Myth 1: Pineapples will cause miscarriages and induce labour!
Fact: Pineapples DO NOT induce miscarriages, labour or even uterine contractions. Although pineapple extracts (extracts mean only the active components are present) do cause contractions when directly exposed to uterine cells in a test tube, the effect on the female reproductive system is insignificant even if you eat or drink loads of pineapple juice. The myths about oxytocin content in pineapples are also not true. Although pineapples are fine, there are other foods pregnant ladies should avoid. And oh, DO take your folic acid.
Myth 2: You can tell the gender of the child through the shape of the pregnant lady’s tummy
Fact: Sorry for being a spoilsport, but this is absolutely NOT true! There are no scientific studies that find any correlation between the shape of the pregnant abdomen and the gender of the baby. It is still fun guessing though, you will have 50% chance of getting it right. If you really cannot wait to find out, then a simple ultrasound by your doctor at 12th week of pregnancy will have a 94.8% accuracy and 98.3% by the 13th week of pregnancy.
Myth 3: Prenatal exposure to classical music increases intelligence of the baby
Fact: Well, this is a yes and no. No, because there are no long-term studies to confirm that the child who was exposed to music prenatally is actually smarter (e.g. high IQ) than other kids who weren’t exposed. It’s also a yes because there are studies that show that babies who were exposed to music prenatally can recognise the music after birth and music seems to help with neural development for up to 4 months after birth. There are no adverse effects demonstrated in these studies, so why not? Go get that Mozart CD now!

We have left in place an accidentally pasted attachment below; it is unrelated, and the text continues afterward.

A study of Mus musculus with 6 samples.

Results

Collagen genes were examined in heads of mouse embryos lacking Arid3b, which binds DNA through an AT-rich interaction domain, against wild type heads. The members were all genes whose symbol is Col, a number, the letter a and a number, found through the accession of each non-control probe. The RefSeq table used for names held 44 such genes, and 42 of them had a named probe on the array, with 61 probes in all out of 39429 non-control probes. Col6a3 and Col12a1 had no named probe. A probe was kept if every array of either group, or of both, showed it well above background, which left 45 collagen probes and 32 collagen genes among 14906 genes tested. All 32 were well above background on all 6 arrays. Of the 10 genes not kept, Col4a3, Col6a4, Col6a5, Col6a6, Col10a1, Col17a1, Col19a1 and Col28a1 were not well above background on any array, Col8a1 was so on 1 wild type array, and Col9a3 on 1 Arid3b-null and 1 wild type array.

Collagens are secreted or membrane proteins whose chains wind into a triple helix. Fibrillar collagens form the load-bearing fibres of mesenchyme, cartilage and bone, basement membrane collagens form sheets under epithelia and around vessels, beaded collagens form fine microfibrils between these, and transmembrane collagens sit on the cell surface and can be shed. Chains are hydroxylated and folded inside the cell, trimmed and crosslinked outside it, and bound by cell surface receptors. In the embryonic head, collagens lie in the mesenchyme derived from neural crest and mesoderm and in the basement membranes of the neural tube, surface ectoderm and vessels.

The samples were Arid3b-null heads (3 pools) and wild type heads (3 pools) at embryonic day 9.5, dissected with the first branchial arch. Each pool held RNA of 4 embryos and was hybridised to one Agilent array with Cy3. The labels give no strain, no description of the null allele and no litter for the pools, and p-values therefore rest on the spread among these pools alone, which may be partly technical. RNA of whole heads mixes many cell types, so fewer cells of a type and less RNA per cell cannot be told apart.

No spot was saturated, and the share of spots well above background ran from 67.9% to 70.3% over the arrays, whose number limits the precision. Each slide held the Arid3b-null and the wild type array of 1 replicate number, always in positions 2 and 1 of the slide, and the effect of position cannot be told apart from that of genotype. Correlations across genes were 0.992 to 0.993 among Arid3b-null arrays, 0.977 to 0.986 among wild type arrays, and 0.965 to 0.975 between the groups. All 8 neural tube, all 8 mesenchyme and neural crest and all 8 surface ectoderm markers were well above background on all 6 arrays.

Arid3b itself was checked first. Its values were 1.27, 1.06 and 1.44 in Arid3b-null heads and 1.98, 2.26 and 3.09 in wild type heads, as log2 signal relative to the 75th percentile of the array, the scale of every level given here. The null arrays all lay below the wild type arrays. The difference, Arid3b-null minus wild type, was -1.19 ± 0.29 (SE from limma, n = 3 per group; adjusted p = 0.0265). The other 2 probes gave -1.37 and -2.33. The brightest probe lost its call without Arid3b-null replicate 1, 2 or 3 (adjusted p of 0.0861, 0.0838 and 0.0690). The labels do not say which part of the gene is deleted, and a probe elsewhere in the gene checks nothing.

Myth 4: Pregnant ladies should avoid exercise
Fact: There are ample studies to show that moderate exercises (e.g. yoga, low-impact aerobics, walking, cycling) are beneficial to both mother and child.
Myth 5: Sexual intercourse is a no-no!
Fact: Contrary to popular belief, sexual activity during pregnancy is perfectly normal and does not have any adverse effects on both mother and child nor does it induce labour. Just don’t overdo (such as being too rough or vigorous) and it will be fine. However, in certain patients with high risk of preterm labour, such as those with placenta previa (a placenta the lies near/on the opening of the cervix) then avoidance of sexual intercourse may be necessary.
- Arya, R., Chansoria, M., Konanki, R. and Tiwari, D. (2012). Maternal Music Exposure during Pregnancy Influences Neonatal Behaviour: An Open-Label Randomized Controlled Trial. International Journal of Pediatrics, 2012, pp.1-6.
- Downs, D., Chasan-Taber, L., Evenson, K., Leiferman, J. and Yeo, S. (2012). Physical Activity and Pregnancy. Research Quarterly for Exercise and Sport, 83(4), pp.485-502.
- Hsiao, C., Wang, H., Hsieh, C. and Hsu, J. (2008). Fetal gender screening by ultrasound at 11 to 13+6weeks. Acta Obstetricia et Gynecologica Scandinavica, 87(1), pp.8-13.
- Jones, C., Chan, C. and Farine, D. (2011). Sex in pregnancy. Canadian Medical Association Journal, 183(7), pp.815-818.
- Monji, F., Adaikan, P., Lau, L., Bin Said, B., Gong, Y., Tan, H. and Choolani, M. (2016). Investigation of uterotonic properties of Ananas comosus extracts. Journal of Ethnopharmacology, 193, pp.21-29.
- Nwankudu, N., Ndibe, N. and Ijioma, S. (2018). Oxytocic Effect of Ananas comosus fruit Juice on isolated Pregnant Rats Uteri. NIGERIAN VETERINARY JOURNAL, 36(4), pp.1318-1326.
- Partanen, E., Kujala, T., Tervaniemi, M. and Huotilainen, M. (2013). Prenatal Music Exposure Induces Long-Term Neural Effects. PLoS ONE, 8(10), p.e78946.